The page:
Have you ever wondered if CrossFit was unhealthy? No? I never did until I read this article. Erin Simmons has a Master of Science in Biology. She was is a volunteer assistant coach for the national championship track and field teams at Texas A&M and has created her own brand of fitness and health advice with Erin Simmons Fitness. Erin Simmons wrote a blog post about her opinion on CrossFit. She had many interesting things to say. Here are some of the things she wrote:
Don’t do CrossFit for weight loss, to get ripped, or to throw around heavy things. Every single thing that I’ve posted in this article refers to every single gym that follow CrossFit. There are no exceptions, if you’re following the WODs, it’s not good for you, it’s not safe, and you’re putting your health in danger.
The goal is to challenge the body but stay within their body’s limits. Pain is not gain for them. Pain could mean injury, and injury means being unable to compete. Maybe for a season, maybe for life.
The point here is that subjecting your muscles to extremely high stress repetitively is not good. CrossFit seems to think that the more pain you are in, whether on that day or the days following the workout, the better. The more you disregard the pain and keep pushing through it, the “tougher” you are. This is not true and it is not healthy. CrossFit coaches can get certified in a weekend, which means very few of them have any real knowledge of proper form.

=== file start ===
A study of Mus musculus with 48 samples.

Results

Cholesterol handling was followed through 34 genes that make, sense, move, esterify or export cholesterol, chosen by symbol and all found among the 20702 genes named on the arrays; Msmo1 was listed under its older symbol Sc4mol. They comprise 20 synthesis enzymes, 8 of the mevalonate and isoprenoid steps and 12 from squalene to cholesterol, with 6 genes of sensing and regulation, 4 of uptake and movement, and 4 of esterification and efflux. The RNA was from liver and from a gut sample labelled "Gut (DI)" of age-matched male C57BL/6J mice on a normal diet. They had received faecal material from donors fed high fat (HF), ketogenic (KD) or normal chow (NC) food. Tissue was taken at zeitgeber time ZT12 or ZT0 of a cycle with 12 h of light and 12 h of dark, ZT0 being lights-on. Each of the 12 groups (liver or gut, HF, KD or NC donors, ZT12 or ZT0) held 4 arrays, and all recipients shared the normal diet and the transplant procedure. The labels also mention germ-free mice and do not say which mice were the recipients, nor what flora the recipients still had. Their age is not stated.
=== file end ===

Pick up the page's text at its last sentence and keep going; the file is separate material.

Not only are you doing an overly-strenuous, very high intensity program that sets you up for injury to start with, most people are doing the lifts and other exercises all wrong, and there is no one there to correct them. CrossFit means job security for medical professionals due to the high rate of injury among the ranks of CrossFitters. No entity of professional athletics promotes CrossFit.
People should be properly educated on form, acceptable rep numbers, and the warning signs of when to stop. Until gyms step up to the plate and accept the responsibility to do so, there will be injury both now and in the future for CrossFitters.
Do you want a broken body? Or do you want to get fit in a healthy way? Do you want a coach screaming at you to finish the set even though your form has crumbled and you’re experiencing pain? Or do you want to train smart? Do you want to follow a coach that got certified in a weekend? Or do you want to rely on decades of research and training that strength and conditioning coaches have acquired?
Read Erin Simmons full and original article here.